Innovation is brand new dance for a lot of organisations and it takes a while to get the rhythm just right, especially while everyone’s still learning the steps.

No wonder some of the first timers can be a little… clumsy.
Here are some classic ‘stumbles’ and how to avoid them.

‘We got everyone together in the room and got nothing.’
No-one likes having their ideas laughed at, and the bigger the group the greater the risk of ridicule. Small groups (around six) always do better.

‘We asked our staff for ideas and just got rubbish.’
People need to know what you want ideas about or – even better – what problem you want solved. Give ‘em a target and they’ll probably hit it.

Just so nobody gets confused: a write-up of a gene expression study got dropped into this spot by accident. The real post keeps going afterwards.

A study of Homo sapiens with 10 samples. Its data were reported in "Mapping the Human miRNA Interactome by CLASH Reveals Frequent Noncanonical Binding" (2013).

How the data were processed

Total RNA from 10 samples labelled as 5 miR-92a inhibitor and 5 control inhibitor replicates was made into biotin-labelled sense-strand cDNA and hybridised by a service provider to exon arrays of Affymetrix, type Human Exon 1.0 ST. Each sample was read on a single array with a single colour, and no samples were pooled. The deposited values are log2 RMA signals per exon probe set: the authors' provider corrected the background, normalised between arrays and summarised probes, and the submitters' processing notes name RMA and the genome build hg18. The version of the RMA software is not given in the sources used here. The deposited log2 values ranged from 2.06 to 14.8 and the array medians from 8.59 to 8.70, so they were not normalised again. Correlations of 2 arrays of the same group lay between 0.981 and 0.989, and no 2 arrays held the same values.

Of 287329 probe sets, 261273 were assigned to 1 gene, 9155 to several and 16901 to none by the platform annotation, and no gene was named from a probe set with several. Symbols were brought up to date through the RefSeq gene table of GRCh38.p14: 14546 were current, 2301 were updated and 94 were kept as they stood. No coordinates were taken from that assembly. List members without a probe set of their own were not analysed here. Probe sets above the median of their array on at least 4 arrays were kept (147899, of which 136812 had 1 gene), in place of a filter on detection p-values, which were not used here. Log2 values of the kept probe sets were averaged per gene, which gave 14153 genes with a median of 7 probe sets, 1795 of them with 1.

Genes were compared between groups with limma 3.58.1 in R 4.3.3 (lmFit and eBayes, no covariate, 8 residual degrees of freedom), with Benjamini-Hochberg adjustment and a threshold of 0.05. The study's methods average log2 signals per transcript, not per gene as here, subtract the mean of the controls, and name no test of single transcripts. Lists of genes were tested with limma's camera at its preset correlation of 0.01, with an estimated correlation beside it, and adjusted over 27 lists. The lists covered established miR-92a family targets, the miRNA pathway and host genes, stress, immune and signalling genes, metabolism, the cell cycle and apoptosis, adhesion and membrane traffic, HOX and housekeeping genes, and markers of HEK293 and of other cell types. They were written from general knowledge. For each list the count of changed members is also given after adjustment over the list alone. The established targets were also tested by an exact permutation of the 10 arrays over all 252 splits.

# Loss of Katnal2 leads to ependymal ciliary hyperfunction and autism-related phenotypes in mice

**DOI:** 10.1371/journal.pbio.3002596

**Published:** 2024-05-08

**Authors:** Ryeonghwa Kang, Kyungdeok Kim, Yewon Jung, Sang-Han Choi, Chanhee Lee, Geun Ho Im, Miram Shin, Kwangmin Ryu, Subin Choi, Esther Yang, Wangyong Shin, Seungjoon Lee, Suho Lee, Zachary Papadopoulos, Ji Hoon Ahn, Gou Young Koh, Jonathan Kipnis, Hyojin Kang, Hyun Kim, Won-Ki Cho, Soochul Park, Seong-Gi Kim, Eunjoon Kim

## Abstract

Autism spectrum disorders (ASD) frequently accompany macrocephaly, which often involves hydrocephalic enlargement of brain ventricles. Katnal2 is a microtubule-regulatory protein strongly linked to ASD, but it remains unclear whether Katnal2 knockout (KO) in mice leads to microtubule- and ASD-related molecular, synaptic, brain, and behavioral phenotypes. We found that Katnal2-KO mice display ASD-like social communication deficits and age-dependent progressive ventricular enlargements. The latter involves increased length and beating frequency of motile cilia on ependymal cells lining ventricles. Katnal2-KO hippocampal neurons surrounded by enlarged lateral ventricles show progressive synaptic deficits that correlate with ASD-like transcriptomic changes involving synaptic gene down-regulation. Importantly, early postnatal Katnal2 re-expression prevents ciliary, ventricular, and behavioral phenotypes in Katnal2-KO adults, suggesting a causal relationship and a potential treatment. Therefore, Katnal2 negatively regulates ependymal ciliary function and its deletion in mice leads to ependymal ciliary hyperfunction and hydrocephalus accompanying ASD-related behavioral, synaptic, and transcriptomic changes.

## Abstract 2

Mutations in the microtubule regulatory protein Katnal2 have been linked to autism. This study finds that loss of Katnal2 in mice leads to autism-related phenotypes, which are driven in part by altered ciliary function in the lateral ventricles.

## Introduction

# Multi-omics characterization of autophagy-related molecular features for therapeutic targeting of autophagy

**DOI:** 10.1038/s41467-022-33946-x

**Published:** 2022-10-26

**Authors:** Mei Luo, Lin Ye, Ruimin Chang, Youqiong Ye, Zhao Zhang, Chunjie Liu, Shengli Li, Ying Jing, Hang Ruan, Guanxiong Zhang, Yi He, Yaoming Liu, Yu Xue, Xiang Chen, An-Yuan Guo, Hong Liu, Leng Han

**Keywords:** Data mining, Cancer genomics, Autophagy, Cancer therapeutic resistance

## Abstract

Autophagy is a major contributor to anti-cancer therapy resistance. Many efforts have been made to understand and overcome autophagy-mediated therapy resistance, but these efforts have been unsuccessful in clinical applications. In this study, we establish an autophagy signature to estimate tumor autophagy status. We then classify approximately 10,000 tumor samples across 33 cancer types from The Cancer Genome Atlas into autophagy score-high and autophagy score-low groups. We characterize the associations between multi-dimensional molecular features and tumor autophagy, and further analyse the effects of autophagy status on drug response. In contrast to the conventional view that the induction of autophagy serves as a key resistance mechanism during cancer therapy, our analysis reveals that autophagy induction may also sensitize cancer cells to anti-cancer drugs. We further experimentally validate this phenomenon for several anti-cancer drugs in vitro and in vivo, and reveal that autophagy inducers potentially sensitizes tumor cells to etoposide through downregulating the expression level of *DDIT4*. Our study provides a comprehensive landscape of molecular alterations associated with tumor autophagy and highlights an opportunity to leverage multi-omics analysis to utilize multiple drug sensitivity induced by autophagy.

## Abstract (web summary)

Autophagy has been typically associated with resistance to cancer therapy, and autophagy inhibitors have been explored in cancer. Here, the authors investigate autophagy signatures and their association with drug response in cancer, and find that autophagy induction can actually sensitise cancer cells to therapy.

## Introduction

‘We wall-papered the room with ideas but then nothing happened.’
Capturing lots of crazy suggestions is a good start, but ideas need to be developed and that takes a bit more time and effort than companies usually allow. It’s like shopping for hardware but never taking the time to build anything.

‘We fast-tracked the easiest ideas and they did us no good.’
Who said the easiest ideas were going to deliver the best result?

‘We fed all ideas to the boss, who killed every single one.’
Like to guess the problem here? Not everyone likes their ideas served raw, so asking for feedback before an idea has been properly ‘cooked’ is asking for rejection. And should the boss be the judge or could staff make that call? Maybe it takes two to tango.

Let’s see innovation as a fresh approach to collaboration and partnership, a new way for people of different talents to work together without stepping on each other’s toes.